US carrier strike force moves toward Korean peninsula

Reuters is reporting that the U.S. Navy is sending a carrier strike group toward the Korean peninsula in response to the growing threat from North Korea.

The aircraft carrier USS Carl Vinson and several support ships were diverted from a scheduled deployment near Australia to show the flag in Korean waters as a warning to North Korean dictator Kim Jong-un.

Reuters:

"We feel the increased presence is necessary," the official said, citing North Korea's worrisome behavior.

In a statement late Saturday, the U.S. Navy's Third Fleet said the strike group had been directed to sail north, but it did not specify the destination. The military vessels will operate in the Western Pacific rather than making previously planned port visits to Australia, it added.

This year North Korean officials, including leader Kim Jong Un, have repeatedly indicated an intercontinental ballistic missile test or something similar could be coming, possibly as soon as April 15, the 105th birthday of North Korea's founding president and celebrated annually as "the Day of the Sun."

Earlier this week U.S. President Donald Trump and Chinese President Xi Jinping met in Florida, where Trump pressed his counterpart to do more to curb North Korea's nuclear program.

Trump's national security aides have completed a review of U.S. options to try to curb North Korea's nuclear and missile programs. These include economic and military measures but lean more toward sanctions and increased pressure on Beijing to rein in its reclusive neighbor.

Although the option of pre-emptive military strikes on North Korea is not off the table, the review prioritizes less-risky steps and de-emphasizes direct military action.

Kim thrives on such confrontations, as they help him appear to be a player on the world stage.  The problem is that the unbalanced North Korean leader may seek a confrontation at sea.  The North Korean navy has little in the way of a surface fleet but has several submarines that, while posing little threat to the carrier group, might be used by Kim to make a point about North Korean sovereignty.  There is also the possibility that during routine carrier operations, the North Korean air force might will its presence felt.

Unless Kim does something radically stupid, the Navy is not likely to see any action.  Meanwhile, lessons from the bombing in Syria are not lost on the North Korean leader.

A message has been delivered.  Is Kim listening? 

Reuters is reporting that the U.S. Navy is sending a carrier strike group toward the Korean peninsula in response to the growing threat from North Korea.

The aircraft carrier USS Carl Vinson and several support ships were diverted from a scheduled deployment near Australia to show the flag in Korean waters as a warning to North Korean dictator Kim Jong-un.

Reuters:

"We feel the increased presence is necessary," the official said, citing North Korea's worrisome behavior.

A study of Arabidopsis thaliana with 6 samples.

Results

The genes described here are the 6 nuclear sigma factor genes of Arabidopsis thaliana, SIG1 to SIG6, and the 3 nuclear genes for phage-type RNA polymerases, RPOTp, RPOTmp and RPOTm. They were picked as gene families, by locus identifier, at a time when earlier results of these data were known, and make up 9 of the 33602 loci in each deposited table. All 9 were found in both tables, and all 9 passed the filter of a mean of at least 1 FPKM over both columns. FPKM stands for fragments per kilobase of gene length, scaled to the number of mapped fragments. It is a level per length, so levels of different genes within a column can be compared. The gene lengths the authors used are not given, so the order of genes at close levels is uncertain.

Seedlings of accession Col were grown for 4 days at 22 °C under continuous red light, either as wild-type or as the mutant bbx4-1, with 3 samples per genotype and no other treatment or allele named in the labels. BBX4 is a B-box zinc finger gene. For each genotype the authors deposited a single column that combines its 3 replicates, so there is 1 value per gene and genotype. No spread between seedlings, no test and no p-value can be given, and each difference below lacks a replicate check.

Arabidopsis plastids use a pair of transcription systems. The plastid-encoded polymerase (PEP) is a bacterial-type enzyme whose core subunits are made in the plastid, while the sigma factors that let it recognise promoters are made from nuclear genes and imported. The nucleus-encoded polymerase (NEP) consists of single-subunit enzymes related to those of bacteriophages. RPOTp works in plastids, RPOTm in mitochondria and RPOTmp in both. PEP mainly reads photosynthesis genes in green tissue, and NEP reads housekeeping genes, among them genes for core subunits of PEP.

In a statement late Saturday, the U.S. Navy's Third Fleet said the strike group had been directed to sail north, but it did not specify the destination. The military vessels will operate in the Western Pacific rather than making previously planned port visits to Australia, it added.

This year North Korean officials, including leader Kim Jong Un, have repeatedly indicated an intercontinental ballistic missile test or something similar could be coming, possibly as soon as April 15, the 105th birthday of North Korea's founding president and celebrated annually as "the Day of the Sun."

Earlier this week U.S. President Donald Trump and Chinese President Xi Jinping met in Florida, where Trump pressed his counterpart to do more to curb North Korea's nuclear program.

Trump's national security aides have completed a review of U.S. options to try to curb North Korea's nuclear and missile programs. These include economic and military measures but lean more toward sanctions and increased pressure on Beijing to rein in its reclusive neighbor.

Although the option of pre-emptive military strikes on North Korea is not off the table, the review prioritizes less-risky steps and de-emphasizes direct military action.

Kim thrives on such confrontations, as they help him appear to be a player on the world stage.  The problem is that the unbalanced North Korean leader may seek a confrontation at sea.  The North Korean navy has little in the way of a surface fleet but has several submarines that, while posing little threat to the carrier group, might be used by Kim to make a point about North Korean sovereignty.  There is also the possibility that during routine carrier operations, the North Korean air force might will its presence felt.

Unless Kim does something radically stupid, the Navy is not likely to see any action.  Meanwhile, lessons from the bombing in Syria are not lost on the North Korean leader.

A message has been delivered.  Is Kim listening?